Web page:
Posted: Wednesday, August 15, 2007

ANCHORAGE - A survey by a federal agency found that the number of people going fishing and hunting in Alaska is in a steep decline.


However, the survey also found that the number of people hunting and fishing in Alaska and across the United States has declined overall. Nationwide, the number of people fishing has dropped 12 percent, and the number of people hunting has decreased 4 percent since 2001.

The decline was especially steep in Alaska.

Since a 2001 survey, recreational fishing is down 26 percent and hunting is down 24 percent in Alaska, said Jerry Leonard, a Fish and Wildlife economist. The survey estimated that about 421,000 people fished in Alaska in 2001; that number dropped to 310,000 last year.

The survey found that the number of people who are actively engaged in what they term "wildlife viewing" has risen. Those activities include just about any outdoor pursuit, ranging from bird-watching to whitewater rafting. Nationwide, the numbers jumped 8 percent from five years ago, the study found. In Alaska, it went up 22 percent.

The Fish and Wildlife Service survey, conducted every five years since 1955 by the Census Bureau, measures the economic effect of fishing, hunting and wildlife viewing.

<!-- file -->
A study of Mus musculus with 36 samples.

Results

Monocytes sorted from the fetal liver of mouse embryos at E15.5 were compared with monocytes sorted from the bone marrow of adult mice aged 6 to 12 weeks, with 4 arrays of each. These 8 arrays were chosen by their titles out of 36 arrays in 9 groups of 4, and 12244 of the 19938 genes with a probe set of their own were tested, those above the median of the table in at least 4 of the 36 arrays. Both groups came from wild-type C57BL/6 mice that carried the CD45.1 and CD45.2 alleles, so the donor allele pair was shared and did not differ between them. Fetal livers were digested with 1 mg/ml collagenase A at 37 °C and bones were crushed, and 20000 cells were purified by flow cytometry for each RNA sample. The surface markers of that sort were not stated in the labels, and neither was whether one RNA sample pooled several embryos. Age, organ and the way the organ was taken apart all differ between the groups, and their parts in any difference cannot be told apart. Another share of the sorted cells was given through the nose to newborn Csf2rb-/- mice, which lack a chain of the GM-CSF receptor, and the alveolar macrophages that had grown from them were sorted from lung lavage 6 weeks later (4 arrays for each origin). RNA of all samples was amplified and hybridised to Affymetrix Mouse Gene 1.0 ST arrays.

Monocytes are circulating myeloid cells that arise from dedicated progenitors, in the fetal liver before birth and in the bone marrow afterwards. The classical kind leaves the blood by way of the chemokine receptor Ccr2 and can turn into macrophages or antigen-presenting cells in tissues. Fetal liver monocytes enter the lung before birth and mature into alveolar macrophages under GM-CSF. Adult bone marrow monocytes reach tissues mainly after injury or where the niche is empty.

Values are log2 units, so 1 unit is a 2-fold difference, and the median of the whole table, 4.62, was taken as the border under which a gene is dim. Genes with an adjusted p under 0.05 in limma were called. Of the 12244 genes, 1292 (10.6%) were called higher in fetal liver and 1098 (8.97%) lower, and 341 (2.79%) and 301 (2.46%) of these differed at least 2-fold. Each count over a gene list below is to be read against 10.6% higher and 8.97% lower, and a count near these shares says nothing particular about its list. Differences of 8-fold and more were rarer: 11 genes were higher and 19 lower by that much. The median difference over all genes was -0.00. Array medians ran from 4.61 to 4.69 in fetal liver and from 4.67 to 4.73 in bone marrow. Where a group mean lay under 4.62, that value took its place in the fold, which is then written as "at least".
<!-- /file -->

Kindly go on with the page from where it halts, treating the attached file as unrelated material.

The survey did not look at the specific reasons for the decline in hunting and fishing numbers. Separate studies have shown a sizable decline in hunting and fishing among Americans with lower incomes, which Leonard suspects can be traced to the cost of fuel.

The study found that last year, about 38 percent of the U.S. population age 16 and older, hunted, fished or observed wildlife. Those 87 million Americans spent $120 billion in the pursuit of outdoor recreation. Hunters spent about $23 billion and anglers another $41 billion.

But they weren't the only big spenders. So were the whale watchers, backpackers and kayakers. People out observing wildlife with their cameras and binoculars spent $45 billion on their activities.